Mini Grouptest: Women’s enduro-style jerseys


With the days getting shorter and the temperatures dropping, now is a great time to review a selection of women’s jerseys in either ¾ or long sleeve versions.


SMART fabrics have revolutionised jersey design in recent years, and many bike jerseys incorporate mesh or perforated fabrics to promote air flow. Moisture wicking is another essential feature; drawing body heat and sweat away from the skin and drying quickly abates the chill factor when taking a break or on draughty descents.

Like all exercise clothing, bike jerseys have the potential to get whiffy after an intense work-out, so some manufacturers have designed anti-bacterial capacities into the fabric used, so if needs must, and you have turned out in the same gear two (or more!) days running, you don’t have to keep down-wind of your friends.

I found that the longer sleeve, even elbow length, added a surprising amount of warmth in addition to extra protection; the looser fit jerseys allow you to take this to the next level with the addition of thermal layers, body armour and elbow pads.

Yeti Women’s Enduro ¾ Jersey


Pearl Izumi Women’s Launch ¾ Sleeved Jersey

womens jersy enduro review singletrack magazine

A well made jersey that provided good ventilation and moisture management. Three different fabrics are used to good effect here; the back and sides are entirely perforated mesh allowing it to breathe, the sleeves are super soft polyester, finished with neat cuff and the front is a more wind-resistant, sheeny fabric. The fit is true to size and described as “athletic”. The V neck sat comfortably and I liked the addition of an easy-reach, “sunglass-wipe” inside the front hem.

Juliana ¾ Enduro jersey


Specialized Women’s Andorra Comp Jersey


Other features that impressed me were the relaxed “loose like a T-shirt” fit that gave superb freedom of movement and the sneaky little zippered side pocket that doubled as a sunglass wipe. It washed well and dried quickly and my only criticism (if it is one!) is that the super sheeny fabric didn’t leave much to the imagination when it got “nippy” out there and there were days when I wished that I had worn a more contouring bra!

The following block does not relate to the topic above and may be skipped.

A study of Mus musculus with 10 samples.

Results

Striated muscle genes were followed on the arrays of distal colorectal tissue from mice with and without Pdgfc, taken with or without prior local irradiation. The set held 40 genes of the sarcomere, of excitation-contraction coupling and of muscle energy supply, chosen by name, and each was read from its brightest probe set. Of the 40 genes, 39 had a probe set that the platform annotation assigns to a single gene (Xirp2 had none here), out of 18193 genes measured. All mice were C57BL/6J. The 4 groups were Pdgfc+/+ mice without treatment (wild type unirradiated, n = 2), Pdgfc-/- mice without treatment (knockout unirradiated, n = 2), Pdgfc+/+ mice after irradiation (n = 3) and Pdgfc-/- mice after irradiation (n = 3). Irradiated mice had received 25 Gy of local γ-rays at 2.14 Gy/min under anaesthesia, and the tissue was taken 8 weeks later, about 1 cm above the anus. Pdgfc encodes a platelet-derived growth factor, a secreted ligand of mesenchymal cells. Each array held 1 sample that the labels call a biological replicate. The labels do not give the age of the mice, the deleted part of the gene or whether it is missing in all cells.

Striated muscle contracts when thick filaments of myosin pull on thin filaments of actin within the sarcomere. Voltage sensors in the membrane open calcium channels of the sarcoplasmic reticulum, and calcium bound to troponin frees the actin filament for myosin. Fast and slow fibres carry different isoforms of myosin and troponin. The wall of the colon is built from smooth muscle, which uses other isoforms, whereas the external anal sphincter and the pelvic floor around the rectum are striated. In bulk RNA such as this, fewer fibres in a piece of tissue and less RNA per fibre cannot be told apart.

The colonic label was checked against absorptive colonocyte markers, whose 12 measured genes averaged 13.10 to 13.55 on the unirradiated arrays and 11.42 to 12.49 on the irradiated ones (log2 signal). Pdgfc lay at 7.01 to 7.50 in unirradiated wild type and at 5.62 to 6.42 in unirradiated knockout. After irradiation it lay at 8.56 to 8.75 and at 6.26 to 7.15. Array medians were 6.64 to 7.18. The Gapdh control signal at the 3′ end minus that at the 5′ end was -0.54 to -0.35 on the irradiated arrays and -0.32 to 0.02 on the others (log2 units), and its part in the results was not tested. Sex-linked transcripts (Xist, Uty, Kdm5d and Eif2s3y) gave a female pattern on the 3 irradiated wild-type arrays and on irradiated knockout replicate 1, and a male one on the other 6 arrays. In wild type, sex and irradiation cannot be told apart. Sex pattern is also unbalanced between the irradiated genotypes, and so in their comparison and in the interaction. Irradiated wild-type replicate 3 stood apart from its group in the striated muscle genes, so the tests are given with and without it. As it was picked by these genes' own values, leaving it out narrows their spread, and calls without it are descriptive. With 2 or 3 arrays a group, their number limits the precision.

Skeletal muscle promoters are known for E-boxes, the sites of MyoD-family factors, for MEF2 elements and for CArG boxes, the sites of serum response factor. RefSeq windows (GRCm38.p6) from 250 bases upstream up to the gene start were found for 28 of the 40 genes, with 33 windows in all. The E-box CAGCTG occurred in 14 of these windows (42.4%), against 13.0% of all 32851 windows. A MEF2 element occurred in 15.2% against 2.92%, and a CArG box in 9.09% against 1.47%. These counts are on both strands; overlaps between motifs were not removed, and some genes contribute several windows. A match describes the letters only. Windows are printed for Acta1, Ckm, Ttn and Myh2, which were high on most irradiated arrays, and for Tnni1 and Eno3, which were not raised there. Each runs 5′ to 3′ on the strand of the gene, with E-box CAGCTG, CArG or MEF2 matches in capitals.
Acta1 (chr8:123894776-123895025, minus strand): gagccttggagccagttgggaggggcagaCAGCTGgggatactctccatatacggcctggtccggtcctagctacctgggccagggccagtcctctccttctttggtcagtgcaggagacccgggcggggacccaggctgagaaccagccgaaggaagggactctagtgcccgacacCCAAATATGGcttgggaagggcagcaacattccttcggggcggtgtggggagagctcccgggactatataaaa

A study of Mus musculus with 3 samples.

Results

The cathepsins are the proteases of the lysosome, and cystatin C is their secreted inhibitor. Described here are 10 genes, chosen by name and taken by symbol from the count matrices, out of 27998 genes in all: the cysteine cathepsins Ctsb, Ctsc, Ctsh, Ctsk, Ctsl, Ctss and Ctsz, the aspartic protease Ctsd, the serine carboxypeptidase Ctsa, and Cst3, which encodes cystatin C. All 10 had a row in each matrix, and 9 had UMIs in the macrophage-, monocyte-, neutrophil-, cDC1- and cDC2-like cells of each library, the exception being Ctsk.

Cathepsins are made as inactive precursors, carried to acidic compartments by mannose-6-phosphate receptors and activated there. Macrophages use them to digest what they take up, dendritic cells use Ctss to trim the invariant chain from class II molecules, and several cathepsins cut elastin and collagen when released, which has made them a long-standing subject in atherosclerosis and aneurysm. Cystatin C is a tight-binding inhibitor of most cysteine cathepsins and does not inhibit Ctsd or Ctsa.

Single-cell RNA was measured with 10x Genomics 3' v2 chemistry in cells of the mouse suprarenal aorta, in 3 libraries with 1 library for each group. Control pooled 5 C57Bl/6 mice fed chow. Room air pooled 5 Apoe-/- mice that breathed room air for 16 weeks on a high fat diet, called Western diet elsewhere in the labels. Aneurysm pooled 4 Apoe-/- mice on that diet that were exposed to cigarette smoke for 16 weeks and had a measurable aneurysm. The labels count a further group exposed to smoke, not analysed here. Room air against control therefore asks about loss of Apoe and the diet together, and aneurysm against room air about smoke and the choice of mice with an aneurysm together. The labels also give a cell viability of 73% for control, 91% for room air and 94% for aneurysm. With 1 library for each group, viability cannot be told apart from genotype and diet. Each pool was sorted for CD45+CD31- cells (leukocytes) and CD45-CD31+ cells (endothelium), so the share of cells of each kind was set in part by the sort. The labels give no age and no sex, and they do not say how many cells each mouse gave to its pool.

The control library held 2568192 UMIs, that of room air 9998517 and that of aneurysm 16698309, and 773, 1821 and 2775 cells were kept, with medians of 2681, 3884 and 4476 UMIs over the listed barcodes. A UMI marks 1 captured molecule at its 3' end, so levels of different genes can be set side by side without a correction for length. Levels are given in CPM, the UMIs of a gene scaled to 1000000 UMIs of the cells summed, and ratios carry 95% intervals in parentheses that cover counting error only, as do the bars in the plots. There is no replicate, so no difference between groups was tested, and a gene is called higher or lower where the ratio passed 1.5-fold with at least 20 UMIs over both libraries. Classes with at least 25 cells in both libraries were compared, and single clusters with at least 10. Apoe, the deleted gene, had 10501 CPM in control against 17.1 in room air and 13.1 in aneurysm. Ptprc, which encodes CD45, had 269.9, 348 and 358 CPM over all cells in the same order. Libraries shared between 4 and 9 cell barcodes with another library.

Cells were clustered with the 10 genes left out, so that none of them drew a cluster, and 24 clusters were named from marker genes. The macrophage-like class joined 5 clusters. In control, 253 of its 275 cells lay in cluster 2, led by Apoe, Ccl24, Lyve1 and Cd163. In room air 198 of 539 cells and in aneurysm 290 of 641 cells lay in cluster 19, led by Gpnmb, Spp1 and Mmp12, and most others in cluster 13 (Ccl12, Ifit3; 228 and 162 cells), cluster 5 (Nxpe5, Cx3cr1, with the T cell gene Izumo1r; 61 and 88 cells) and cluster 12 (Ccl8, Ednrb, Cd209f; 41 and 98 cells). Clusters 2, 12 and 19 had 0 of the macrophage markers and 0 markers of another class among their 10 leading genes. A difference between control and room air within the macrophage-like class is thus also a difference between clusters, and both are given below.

RaceFace Women’s Khyber Jersey


Race face’s trademark REPREVE fabric contains over 50% recycled materials including plastic bottles and post industrial waste. With a mesh construction and a Cooldry content, this fabric is lightweight, super-quick drying and has a UPF rating of 50+. I love the understated design with the contrast racing stripes on the sleeve and the reflective tape down the back (though the latter is covered if you wear a pack). All seams are flatlocked so there are no ridges and they can be tested to full stretch over a whole range of movements without any risk of splitting. A handy, decent sized, faux suede, zippered stash pocket doubles as a goggle wipe.

The down side of the fabric venting so effectively was that when riding into a chilly breeze, the fabric let it straight through and this was quite cooling. The black/grey colour is slimming and definitely a sensible choice for muddy winter riding in the UK, though it might not make you stand out in those Instagram pics!

Flare Stage Enduro Jersey


The raglan sleeves give good freedom of movement at the shoulders, narrowing down the arm so that unnecessary flapping is avoided. There is no cuff but this was not an issue and they stayed in place on the forearm when pushed up to cool off.  The hem of the jersey doesn’t dip over the rear, though the length is generous and provided ample overlap with shorts.

Again a hidden pocket in the left seam provided a useful place for a key or change.

ION Tee LSA ¾ Helix


Here are my recommended shirts:

Race Face Khyber Jersey – Specialized Andorra Comp Jersey – Juliana ¾ Enduro jersey

womens jersey reccomended singletrack magazine

Review Info

Brand: Yeti, Specialized, Pearl Izumi, Juliana, RaceFace, Flare, Ion
Product: Women's Enduro, Women's Launch, Women's Andorra, Women's Khyber, Stage Enduro, Tee LS
Price: £45 - £73
Tested: by Sharon Anderson for

Barney Marsh takes the word ‘career’ literally, veering wildly across the road of his life, as thoroughly in control as a goldfish on the dashboard of a motorhome. He’s been, with varying degrees of success, a scientist, teacher, shop assistant, binman and, for one memorable day, a hospital laundry worker. These days, he’s a dad, husband, guitarist, and writer, also with varying degrees of success. He sometimes takes photographs. Some of them are acceptable. Occasionally he rides bikes to cast the rest of his life into sharp relief. Or just to ride through puddles. Sometimes he writes about them. Bikes, not puddles. He is a writer of rongs, a stealer of souls and a polisher of turds. He isn’t nearly as clever or as funny as he thinks he is.